HealthCorps prioritizes program facilitation that is in partnership with “Champions” who can help establish wellness priorities and target extracurricular activities to achieve them. A Champion can be any student, staff member, parent, or community member who has embraced a role in promoting wellness in their school environment with the intent of building their own capacity to sustain wellness programming. When such Champions collaborate effectively, an environment and culture of wellness is established and can influence a variety of systems and policies within the school.

    Extracurricular activities fall into two primary categories.

    1. Individual Skill-Building Activities: Cultivate skill development to adopt healthy behaviors before school, during lunch, and after school.

    • Café O’ Yea (COY): Train students and/or staff to run an interactive booth in the cafeteria or common area to educate their peers on a health-related topic and/or skill. After specific skills-based café o’ yeas, participant feedback forms are collected to evaluate demonstrations’ effectiveness with intent to change behavior.
    • After-School Clubs: A health-related after-school club to provide students with an additional opportunity to access the HealthCorps program that meets weekly entire year, such as exercise, gardening, and leadership.
    • Cooking Club: An after-school club with six sessions of curriculum teaching student’s kitchen safety, sanitation/hygiene, and affordable/accessible recipes with the goal of building their capacity to cook for themselves and their families.
    • Youth Leadership Projects: A youth-driven project that can be integrated inside or outside the classroom with the goal of building the capacity of youth leaders to advocate for improving their school and community.
    • Student Wellness & Training: Engage school staff to improve their own health as role models and wellness advocates in their school with activities such as wellness challenges, walking competitions, healthy potlucks, healthy newsletters, etc. Conduct a professional development session to certify staff in HC curriculum and provide ongoing technical assistance to staff that builds their self-efficacy and ensures program sustainability.
    • Relationship-Building: Collaborate with Champion to facilitate programming and provide mentoring services to students and staff by holding consistent office hours.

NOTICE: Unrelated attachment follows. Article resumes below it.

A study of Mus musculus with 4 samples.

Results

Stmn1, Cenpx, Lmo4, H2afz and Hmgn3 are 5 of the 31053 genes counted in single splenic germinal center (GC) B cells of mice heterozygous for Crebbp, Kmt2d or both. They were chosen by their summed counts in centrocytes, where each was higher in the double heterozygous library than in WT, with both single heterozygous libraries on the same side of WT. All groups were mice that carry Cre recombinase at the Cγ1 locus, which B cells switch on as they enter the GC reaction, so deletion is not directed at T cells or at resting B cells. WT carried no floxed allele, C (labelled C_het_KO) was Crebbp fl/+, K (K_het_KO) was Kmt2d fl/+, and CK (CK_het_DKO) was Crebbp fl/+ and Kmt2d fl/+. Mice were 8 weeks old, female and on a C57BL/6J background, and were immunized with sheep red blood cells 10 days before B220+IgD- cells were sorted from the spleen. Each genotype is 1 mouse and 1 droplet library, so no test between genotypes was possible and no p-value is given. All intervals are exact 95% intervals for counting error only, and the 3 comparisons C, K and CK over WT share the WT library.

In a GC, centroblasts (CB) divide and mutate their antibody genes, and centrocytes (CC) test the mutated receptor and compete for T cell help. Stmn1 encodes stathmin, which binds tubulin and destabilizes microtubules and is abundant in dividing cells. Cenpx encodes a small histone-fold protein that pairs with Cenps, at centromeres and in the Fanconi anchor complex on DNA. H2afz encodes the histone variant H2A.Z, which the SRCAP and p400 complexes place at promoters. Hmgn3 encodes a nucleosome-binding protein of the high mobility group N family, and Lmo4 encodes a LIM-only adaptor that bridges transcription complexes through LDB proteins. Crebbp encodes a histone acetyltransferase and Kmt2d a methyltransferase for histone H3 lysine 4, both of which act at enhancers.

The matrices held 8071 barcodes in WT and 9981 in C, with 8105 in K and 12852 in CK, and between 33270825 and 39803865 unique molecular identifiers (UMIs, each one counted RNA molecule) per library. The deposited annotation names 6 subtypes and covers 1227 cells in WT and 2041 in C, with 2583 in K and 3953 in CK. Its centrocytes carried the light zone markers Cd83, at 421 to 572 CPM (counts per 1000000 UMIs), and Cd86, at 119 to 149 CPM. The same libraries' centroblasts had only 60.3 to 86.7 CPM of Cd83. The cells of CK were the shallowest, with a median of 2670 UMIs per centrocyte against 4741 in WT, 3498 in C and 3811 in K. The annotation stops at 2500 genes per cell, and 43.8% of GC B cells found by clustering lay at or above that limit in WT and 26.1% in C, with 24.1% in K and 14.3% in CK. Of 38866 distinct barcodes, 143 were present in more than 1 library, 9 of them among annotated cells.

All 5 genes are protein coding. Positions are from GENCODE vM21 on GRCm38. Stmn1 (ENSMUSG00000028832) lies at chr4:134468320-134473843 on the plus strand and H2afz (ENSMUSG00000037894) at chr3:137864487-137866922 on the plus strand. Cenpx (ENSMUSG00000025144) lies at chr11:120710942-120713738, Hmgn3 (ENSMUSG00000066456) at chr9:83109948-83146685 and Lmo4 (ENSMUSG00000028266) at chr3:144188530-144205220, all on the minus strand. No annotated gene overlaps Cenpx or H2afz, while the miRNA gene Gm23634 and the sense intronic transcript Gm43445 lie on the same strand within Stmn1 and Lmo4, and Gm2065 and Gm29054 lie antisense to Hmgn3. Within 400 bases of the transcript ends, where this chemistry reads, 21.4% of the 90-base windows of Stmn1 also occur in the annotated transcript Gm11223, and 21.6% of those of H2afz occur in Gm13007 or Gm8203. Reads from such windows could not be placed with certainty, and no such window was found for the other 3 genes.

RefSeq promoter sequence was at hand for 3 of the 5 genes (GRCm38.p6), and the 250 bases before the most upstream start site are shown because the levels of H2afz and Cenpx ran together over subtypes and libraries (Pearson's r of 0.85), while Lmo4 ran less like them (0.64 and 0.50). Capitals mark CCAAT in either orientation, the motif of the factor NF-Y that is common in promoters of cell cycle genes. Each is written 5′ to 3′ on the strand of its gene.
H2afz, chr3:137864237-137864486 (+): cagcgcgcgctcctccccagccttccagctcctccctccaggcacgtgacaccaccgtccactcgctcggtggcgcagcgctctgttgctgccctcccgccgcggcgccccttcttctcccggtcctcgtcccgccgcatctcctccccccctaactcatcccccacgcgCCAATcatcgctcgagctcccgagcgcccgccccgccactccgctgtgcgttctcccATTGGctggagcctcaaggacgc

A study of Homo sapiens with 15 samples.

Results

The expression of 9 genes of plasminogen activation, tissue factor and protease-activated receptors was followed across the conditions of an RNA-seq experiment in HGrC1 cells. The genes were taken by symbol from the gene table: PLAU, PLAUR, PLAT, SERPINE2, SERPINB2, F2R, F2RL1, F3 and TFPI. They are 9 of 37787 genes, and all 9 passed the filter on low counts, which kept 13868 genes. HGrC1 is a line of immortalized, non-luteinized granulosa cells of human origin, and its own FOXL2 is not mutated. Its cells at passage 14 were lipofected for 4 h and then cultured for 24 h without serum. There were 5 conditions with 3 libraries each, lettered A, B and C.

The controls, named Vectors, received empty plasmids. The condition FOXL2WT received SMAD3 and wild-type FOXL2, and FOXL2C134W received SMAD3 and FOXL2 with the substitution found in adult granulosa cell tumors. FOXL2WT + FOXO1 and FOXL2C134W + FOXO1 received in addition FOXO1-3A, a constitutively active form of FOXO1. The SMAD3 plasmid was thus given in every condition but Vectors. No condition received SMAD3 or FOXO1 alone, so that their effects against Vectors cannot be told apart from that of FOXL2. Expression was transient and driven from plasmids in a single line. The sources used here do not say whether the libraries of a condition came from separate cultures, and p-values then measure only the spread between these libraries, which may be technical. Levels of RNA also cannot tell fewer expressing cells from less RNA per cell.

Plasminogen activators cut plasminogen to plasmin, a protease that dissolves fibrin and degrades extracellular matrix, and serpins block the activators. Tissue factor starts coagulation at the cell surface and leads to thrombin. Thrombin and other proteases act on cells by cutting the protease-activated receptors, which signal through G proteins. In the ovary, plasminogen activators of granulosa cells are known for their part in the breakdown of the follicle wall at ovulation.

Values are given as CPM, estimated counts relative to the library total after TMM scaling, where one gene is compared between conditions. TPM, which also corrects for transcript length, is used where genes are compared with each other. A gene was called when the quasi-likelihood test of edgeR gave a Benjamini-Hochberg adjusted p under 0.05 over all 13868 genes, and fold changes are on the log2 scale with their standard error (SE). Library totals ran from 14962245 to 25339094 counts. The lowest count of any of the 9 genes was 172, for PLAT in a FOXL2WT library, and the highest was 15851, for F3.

2. Wellness Environment Building Activities: Cultivate a culture of wellness across the school campus.

    • District Wellness Policy: Coordinators serve as support and accountability for the school district designated official to enhance School Wellness Policy (SWP) and raise awareness of the policy amongst school administrators and nutrition services directors. They can assist in implementing strategies shared through Alliance for a Healthier Generation that focus on systems and environmental change, such as excluding the marketing of non-compliant foods on campus and assisting sites to conduct assessments that identify areas for improvement. They also help to recruit community members to participate in the council and build collaboration and collective impact skills amongst all members so that the decision-making process includes all perspectives.
    • Health Fair: Plan an annual in-schools or community health fair during or after the school day. Booths include COY topics that are run by students and community resources run by local organizations.
    • Cafeteria Makeovers: Collaborate with Nutrition Services Director to design a lunchtime space that encourages students to make healthier choices.
    • Day of Service: Coordinate a service project and/or trip for students in honor of Martin Luther King Jr. Day, such as a food drive, homeless shelter, and trash pick-up.
    • Community Engagement: Coordinators are actively engaged members of school communities who attend department meetings, in-school professional development sessions, school events, community events, funder meetings, etc. They participate in and connect to other current school wellness programs to collaborate and leverage resources. Also, they provide the school access to outside resources and organizations in the community while expanding the program outside of the school to impact the community.
    • Program Exposure: Develop collateral for educational or promotional purposes with the goal to impact the school at large. Examples include Toilet Tidings, staff newsletters, flyers/posters to advertise an event or activity, etc.